Tuesday, June 19, 2007

Best of the rest part I: The 1996-2000 Knicks

Avg Wins per season: 46
Playoff Finishes:
1997: Lost in 2nd round to Heat in 7
1998: Lost in 2nd round to Pacers in 5
1999: Lost in NBA Finals to Spurs in 5
2000: Lost in Eastern Finals to Pacers in 6

Here it is, the first in my 'best of the rest' series. Each post will feature some background about the team, speculation about what squashed their title hopes, and a chronicling of their best season in the run. Keep in mind that I am looking at teams that had, and sustained a level of excellence for a number of season. Usually this means stretches of making it to, and sometimes beyond the second round of the playoffs.

Absolutely a bit of bias here, I’m a Knicks fan and these four years featured some exciting Knicks basketball, but its my blog and if I want to feature these guys first I will! In 1995-1996, the Knicks went up against the Chicago Bulls once again, only to be ousted in five quick games. Though the Knicks had been an elite Eastern conference team for years (look for a separate post later on the 1991-1996 Knicks), their win total had dropped every year since 1993, bottoming out with their 47-35 showing in ‘95-‘96. With Patrick Ewing aging, the Knicks knew that they would have to retool, adding youth in their backcourt and increasing the depth of their bench. In the 1996 off season, the Knicks signed young guards Chris Childs and Allen Houston, and then traded backup forward Anthony Mason for Larry Johnson. That season featured a more perimeter oriented Knicks squad, crafted around a rejuvenated Patrick Ewing and recently promoted head coach Jeff van Gundy. The results were great, the Knicks win total increased ten games in ’96-’97 and were, arguably, the best team in the East not featuring Michael Jordan. Over the next four years, the Knicks continued to transition away from a Ewing-oriented game. These were fairly forgettable regular seasons, but this paved the way for two of the biggest upsets in NBA history in 1997-1998 the Knicks finished 7th in the East, only to upset the Miami Heat. The following year, after acquiring Latrell Sprewell and Marcus Camby, they upset Miami again, becoming the first and only 8 seed to make the NBA Finals, and they did so playing an exciting, up-tempo style. The Knicks enjoyed one more year of success before making the ill-fated Patrick Ewing trade that launched the team into a period of salary cap issues and irrelevance.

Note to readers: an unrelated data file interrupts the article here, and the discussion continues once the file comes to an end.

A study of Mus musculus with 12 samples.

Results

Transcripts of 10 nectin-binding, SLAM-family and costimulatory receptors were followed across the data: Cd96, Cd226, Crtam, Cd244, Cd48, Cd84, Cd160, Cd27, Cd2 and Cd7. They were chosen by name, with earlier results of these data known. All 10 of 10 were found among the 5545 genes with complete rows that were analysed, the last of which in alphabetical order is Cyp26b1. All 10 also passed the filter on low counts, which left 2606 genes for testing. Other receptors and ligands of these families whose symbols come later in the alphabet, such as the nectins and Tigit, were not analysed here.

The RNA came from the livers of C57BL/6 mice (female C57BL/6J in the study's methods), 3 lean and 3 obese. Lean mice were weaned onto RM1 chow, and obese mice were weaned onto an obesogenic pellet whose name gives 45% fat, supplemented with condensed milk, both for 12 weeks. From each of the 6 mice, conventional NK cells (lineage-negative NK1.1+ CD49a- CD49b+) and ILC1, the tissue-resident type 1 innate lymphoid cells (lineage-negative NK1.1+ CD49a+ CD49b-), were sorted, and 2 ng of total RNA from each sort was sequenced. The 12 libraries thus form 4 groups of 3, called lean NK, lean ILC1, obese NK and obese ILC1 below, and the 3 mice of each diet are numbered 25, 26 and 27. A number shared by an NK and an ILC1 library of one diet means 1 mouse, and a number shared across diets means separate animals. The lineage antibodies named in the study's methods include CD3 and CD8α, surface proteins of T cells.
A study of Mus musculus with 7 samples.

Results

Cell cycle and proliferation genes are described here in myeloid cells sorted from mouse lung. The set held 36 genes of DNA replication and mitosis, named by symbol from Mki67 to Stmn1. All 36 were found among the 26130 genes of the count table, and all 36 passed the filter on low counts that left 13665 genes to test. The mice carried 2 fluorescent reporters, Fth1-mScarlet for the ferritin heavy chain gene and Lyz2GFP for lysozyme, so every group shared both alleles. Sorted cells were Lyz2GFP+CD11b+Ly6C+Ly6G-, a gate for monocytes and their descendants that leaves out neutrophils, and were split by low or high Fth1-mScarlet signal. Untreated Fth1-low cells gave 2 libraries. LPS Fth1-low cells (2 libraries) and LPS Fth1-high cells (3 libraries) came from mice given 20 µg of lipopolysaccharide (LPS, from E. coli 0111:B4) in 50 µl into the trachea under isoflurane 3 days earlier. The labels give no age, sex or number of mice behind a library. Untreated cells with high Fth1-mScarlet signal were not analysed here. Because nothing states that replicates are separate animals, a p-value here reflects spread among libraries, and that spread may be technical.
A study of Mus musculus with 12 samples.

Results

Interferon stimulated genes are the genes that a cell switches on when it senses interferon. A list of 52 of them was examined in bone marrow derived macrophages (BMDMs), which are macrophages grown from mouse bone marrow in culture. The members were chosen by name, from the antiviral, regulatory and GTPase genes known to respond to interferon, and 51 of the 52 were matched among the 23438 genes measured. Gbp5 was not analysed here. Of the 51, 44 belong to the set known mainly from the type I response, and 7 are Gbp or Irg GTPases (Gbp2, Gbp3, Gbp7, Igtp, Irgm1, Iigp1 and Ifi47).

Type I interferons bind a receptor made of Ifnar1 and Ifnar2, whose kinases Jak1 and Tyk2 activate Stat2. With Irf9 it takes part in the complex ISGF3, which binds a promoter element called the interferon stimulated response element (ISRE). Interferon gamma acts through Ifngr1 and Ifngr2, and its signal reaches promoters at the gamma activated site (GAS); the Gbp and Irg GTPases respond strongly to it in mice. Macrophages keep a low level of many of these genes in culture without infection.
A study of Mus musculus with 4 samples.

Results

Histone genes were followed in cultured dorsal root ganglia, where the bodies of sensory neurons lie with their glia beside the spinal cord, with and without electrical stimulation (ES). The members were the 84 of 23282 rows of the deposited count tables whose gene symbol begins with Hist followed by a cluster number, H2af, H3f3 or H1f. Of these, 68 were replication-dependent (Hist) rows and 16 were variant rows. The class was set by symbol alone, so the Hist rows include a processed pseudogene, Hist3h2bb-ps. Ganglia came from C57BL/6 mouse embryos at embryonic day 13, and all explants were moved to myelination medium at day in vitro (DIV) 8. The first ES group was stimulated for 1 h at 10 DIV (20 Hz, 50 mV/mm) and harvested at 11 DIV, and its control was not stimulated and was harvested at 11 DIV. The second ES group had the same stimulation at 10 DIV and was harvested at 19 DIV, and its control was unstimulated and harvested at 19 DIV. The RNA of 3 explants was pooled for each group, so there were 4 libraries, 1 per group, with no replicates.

Highest High: Going into the lockout shortened 1999 season, the Knicks had a newly tweaked cast predicated on exciting, up-tempo guard play. It took time for the team to come together, they sputtered through the regular season just making the playoffs with a 27-23 record. However, the team began to mesh in the playoffs, upending the weak #1 seeded Miami Heat, sweeping the Atlanta Hawks, and taking the #2 seeded Pacers by surprise. Though they fell to the Spurs in one of the most lopsided finals ever, the Knicks had made their mark on history.

Why didn’t they win? Stu Jackson. This version of the Knicks was best in their first year, 1996-1997, and they coasted in the playoffs, sweeping the Charlotte Hornets and taking a 3-1 lead on the Miami Heat going into game 5. Late in the game, Knicks point guard Charlie Ward jockeyed for position with Heat forward PJ Brown. Agitated by Ward’s aggressive box out, Brown picked up the smaller player and body slammed him. The Knicks best players, Patrick Ewing, John Starks included, rushed off the bench to aid their point guard. Stu Jackson’s trademark suspensions resulted, and the Heat easily beat a depleted Knicks team in the next two games to come back and take the series. Many people believed that if the Knicks were going to beat Michael Jordan, this would have been the year they could have done it.